On November 4th, Oregonians will vote to elect one of two US Senate Seats.  The race features incumbent Democratic Senator Jeff Merkley and challenger Republican Monica Wehby.  Each candidate was given equal opportunity to respond to APANO’s questionnaire, to engage more directly with Oregon’s 220,000 Asian and Pacific Islanders.  Their responses to 3 questions crafted by APANO members have been unedited and printed in full.  APANO makes no candidate endorsements, this information is solely for the purpose of voter education.

merkley_wehby 1. Oregon currently graduates half of it’s English Language Learners, who make up 10% of the state’s K-12 student population. What policies will you support to ensure that students–including ones who identify as English Language Learner, have access to quality education and career-readiness programs after graduation? 

Jeff Merkley (D): We need to ensure that K-12 English Language Learners gain English language proficiency in a timely manner and are well prepared for college and careers. In order to achieve this goal, it is imperative that teachers have the tools and resources they need to provide high-quality instruction that will narrow the achievement gap and prepare all students for success.

As a father of two children, I feel strongly that all children deserve the opportunity to attend college. I support the DREAM Act which would allow undocumented students who have been in the U.S. for at least 5 years the opportunity to become legal citizens by earning a two- or four-year college degree or by enlisting in the military for at least two years. I believe that all young adults, including children of immigrants, should be entitled to full educational access and equality.

Monica Wehby (R): No response.

2. Access to quality, affordable, and culturally competent health care ensures Oregonians are able to thrive and contribute. Please explain the policies you will support to increase access to care, and address health disparities, specifically for immigrants and refugees.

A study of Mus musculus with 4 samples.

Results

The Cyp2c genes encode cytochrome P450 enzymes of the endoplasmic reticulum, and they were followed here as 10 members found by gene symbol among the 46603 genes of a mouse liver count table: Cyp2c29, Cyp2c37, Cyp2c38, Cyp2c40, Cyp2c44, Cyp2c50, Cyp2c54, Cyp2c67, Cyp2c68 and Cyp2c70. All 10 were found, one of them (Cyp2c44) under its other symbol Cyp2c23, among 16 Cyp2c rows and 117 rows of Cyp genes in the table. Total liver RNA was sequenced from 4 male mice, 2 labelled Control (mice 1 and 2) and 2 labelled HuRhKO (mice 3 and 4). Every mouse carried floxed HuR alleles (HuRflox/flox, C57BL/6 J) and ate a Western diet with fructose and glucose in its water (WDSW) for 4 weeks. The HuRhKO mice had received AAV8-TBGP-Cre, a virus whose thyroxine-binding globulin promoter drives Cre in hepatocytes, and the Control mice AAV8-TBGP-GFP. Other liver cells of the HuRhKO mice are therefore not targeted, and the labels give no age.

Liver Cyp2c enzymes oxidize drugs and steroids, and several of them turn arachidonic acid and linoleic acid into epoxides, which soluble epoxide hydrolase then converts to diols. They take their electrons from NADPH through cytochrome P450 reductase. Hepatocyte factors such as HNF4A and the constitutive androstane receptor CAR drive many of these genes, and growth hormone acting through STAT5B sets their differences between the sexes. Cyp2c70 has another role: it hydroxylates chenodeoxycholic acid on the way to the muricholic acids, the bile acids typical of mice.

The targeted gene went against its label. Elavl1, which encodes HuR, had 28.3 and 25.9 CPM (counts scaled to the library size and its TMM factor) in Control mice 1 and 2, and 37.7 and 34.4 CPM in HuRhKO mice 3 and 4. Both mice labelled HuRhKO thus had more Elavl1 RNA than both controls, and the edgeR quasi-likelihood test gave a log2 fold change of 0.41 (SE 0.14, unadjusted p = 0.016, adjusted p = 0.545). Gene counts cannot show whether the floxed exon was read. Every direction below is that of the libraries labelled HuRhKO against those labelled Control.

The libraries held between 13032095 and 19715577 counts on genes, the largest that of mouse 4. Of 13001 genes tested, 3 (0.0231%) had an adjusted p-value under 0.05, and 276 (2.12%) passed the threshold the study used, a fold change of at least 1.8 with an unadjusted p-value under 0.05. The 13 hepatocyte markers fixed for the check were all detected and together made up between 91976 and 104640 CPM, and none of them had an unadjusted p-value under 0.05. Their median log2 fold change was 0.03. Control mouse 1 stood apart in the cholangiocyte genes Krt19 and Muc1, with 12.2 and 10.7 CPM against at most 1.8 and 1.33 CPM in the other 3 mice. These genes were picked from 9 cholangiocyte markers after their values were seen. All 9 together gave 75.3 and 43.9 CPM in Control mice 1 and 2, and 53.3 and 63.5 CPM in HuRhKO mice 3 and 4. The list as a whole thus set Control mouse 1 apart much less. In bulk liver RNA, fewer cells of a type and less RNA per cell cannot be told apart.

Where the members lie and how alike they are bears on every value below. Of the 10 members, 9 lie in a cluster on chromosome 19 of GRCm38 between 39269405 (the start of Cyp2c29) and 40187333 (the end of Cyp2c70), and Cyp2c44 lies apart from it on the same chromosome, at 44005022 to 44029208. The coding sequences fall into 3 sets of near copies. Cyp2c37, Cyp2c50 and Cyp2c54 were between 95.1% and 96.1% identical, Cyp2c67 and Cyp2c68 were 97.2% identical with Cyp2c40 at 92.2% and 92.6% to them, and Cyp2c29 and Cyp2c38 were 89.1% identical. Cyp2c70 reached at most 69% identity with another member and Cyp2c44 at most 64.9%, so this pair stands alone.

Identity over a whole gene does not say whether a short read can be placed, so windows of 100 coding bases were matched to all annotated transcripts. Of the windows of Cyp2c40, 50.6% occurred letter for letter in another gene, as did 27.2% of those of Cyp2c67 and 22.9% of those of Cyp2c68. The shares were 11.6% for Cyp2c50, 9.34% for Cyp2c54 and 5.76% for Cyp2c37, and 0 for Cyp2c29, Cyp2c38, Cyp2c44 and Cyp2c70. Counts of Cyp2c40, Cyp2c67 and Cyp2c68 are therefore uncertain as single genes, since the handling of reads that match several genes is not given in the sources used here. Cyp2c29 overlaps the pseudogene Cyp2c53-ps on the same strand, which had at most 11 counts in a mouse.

Jeff Merkley (D): Affordable, quality health care should not be a privilege of the healthy and wealthy, which is why I strongly supported the Affordable Care Act. Although the initial implementation of the website to enroll people was a debacle, over 400,000 Oregonians overcame those challenges and now have health insurance under the Affordable Care Act. Hundreds of thousands of those people used to be uninsured. In addition, I have strongly supported increased funding for community health centers, which provide primary care and medical home in the communities where people live. Community health centers have a proven track record of providing culturally competent care to immigrants and minority communities. I have also fought to help a number of immigrant-serving organizations win federal grants to better meet the needs of newer Oregonians.

As we work to ensure all Oregonians have access to health care, it is important to build cultural competency and improve outreach to communities of color. Although we have made great strides reducing the number of uninsured Oregonians, a disproportionate number of the remaining uninsured are immigrants and members of ethnic minorities. Reducing existing language barriers and building better cultural understanding between health care providers and patients will help improve access to health care for all.

Monica Wehby (R): No response.

3. What policies do you support to strengthen economic opportunity and jobs for all communities in Oregon?

Jeff Merkley (D): My top priority is creating good-paying jobs. My father was a millwright and made his living with his hands and I know that if we don’t make things in America, we won’t have a strong middle class in America. That’s why I’ve stood up to China so American business and workers can compete on a level playing field and fought to close loopholes that encourage companies to ship jobs overseas.

Because small businesses are so important to our communities, I have written and passed a tax cut for entrepreneurs starting new businesses. I wrote the law that allows small businesses to raise money from investors online so they can grow.  In order to give everyone in our communities a chance to earn a living and provide for our families, I also supported the bipartisan comprehensive immigration bill, so millions of immigrants are no longer subject to exploitation and illegally low wages. For our communities to thrive, we need to bring people out of the shadows.

Monica Wehby (R): No response.

For more information about APANO’s nonpartisan civic engagement program and our voter education materials, please contact Kathy Wai kathy@apano.org | 971-340-4861.